The stock market fell Monday after a jump in Italy's borrowing costs reminded investors of how much work remains to be done to contain Europe's debt problems.
Expectations that respected economist Mario Monti will lead a new interim Italian government helped calm market fears Thursday as the country was heading for a Greek-style crisis that would threaten the existence of the entire eurozone.
The Dow Jones industrial average dropped more than 400 points Wednesday after Italy's borrowing costs soared and talks collapsed in Greece on forming a new government.
The next domino is about to fall in the European debt crisis, and it's the biggest yet. Greece, Portugal and Ireland have already received bailouts from the European Union and the International Monetary Fund (IMF). There's no pot of rescue money big enough to save the European Union's third-largest economy, Italy.
Stocks turned higher Tuesday after investors got the news they had been hoping for: Italian Prime Minister Silvio Berlusconi promised to resign once a new budget was passed. The Dow Jones industrial average closed up 101 points.
A late afternoon rally pushed the stock market higher for only the second day this month. Major indexes spent most of Monday lower as investors worried that Greece could be edging closer to default.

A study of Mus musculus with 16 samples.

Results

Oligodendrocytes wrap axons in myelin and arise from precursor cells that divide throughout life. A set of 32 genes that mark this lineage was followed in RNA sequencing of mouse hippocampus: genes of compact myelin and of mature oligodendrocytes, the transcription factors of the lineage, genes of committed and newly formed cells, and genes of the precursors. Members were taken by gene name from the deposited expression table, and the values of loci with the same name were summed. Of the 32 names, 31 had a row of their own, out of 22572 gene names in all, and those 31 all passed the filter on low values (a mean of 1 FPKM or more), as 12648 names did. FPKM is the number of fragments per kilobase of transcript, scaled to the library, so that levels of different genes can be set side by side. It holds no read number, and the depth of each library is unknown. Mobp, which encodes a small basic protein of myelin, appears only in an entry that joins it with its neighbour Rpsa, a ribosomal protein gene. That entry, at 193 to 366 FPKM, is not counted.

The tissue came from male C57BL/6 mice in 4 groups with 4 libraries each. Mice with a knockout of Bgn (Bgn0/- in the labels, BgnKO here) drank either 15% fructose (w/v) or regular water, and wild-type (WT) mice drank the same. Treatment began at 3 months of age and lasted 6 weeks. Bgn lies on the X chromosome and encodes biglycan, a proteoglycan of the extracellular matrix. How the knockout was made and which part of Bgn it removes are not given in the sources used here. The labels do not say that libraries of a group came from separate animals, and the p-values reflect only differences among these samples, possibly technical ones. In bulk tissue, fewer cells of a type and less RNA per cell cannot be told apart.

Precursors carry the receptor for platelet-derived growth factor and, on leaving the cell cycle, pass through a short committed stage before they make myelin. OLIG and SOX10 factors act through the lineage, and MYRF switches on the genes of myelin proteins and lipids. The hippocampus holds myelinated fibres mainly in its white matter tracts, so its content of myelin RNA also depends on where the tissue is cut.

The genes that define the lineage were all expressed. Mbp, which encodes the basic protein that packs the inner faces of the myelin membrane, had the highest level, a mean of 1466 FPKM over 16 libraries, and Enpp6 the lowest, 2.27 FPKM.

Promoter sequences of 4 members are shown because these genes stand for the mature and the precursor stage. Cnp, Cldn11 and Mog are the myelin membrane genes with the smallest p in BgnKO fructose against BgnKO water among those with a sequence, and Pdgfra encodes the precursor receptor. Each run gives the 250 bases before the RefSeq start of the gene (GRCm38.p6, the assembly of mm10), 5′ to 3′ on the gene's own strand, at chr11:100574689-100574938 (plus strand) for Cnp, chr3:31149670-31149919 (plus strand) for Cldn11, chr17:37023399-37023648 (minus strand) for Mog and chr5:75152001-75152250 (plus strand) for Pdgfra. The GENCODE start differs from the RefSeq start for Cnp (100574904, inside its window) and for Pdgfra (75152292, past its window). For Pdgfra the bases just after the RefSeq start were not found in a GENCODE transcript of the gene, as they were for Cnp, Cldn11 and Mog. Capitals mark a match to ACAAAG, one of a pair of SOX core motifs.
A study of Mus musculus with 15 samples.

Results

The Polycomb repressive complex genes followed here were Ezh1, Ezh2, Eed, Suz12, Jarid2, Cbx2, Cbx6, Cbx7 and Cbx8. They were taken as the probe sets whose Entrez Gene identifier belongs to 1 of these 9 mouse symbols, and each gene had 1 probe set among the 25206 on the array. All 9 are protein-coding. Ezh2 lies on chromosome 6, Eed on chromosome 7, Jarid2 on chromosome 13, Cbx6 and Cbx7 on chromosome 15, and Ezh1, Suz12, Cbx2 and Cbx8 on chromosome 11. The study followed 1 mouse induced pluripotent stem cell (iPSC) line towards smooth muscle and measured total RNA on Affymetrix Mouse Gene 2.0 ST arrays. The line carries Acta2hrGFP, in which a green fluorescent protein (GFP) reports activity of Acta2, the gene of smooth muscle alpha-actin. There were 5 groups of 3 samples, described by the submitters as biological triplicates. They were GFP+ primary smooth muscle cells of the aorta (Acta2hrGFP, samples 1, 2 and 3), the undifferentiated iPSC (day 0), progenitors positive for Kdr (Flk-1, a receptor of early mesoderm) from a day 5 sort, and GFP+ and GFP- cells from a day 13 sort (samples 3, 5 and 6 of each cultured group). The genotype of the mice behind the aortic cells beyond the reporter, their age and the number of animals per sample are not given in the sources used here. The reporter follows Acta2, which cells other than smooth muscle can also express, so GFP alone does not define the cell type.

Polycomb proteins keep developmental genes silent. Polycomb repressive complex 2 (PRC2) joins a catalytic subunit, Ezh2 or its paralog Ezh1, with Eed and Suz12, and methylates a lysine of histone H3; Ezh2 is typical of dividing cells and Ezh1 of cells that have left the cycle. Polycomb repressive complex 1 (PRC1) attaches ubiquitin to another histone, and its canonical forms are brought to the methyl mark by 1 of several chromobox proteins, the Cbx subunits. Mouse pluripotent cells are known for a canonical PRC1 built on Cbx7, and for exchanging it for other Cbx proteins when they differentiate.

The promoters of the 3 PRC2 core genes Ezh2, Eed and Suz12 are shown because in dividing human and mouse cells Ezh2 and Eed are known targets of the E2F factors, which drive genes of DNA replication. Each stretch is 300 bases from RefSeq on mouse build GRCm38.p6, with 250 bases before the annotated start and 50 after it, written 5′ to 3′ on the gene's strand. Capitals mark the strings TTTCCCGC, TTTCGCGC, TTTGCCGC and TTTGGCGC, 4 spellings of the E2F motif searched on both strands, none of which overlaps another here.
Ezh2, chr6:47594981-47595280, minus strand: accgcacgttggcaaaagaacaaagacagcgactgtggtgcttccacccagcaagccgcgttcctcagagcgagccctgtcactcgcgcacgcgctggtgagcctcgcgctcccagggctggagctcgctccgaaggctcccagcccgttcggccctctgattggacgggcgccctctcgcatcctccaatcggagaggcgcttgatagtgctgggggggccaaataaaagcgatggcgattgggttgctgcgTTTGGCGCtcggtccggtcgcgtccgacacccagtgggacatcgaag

Since the end of World War II, in both the United States and Western Europe, the best way to win a national election has been to be the incumbent political party. But that 3-generation-old predisposition in Western democracies may be coming to an end.
I am an Italian citizen and wish to express my dissent from the decisions made recently by the Italian government, a government that does not represent me in any way.
Did you know that in Denmark, the poorest 30 percent pay 14.1 percent of all taxes and the richest pay 48.7 percent, while in the United States, the poorest 30 percent pay just 6.1 percent of all taxes and the richest 30 percent pay a whopping 65.3 percent? The surprising thing is not that the richest pay most of the taxes but that the U.S. has nearly the most progressive tax system in the world, while the Scandinavian countries have about the least progressive tax systems, contrary to commonly held belief.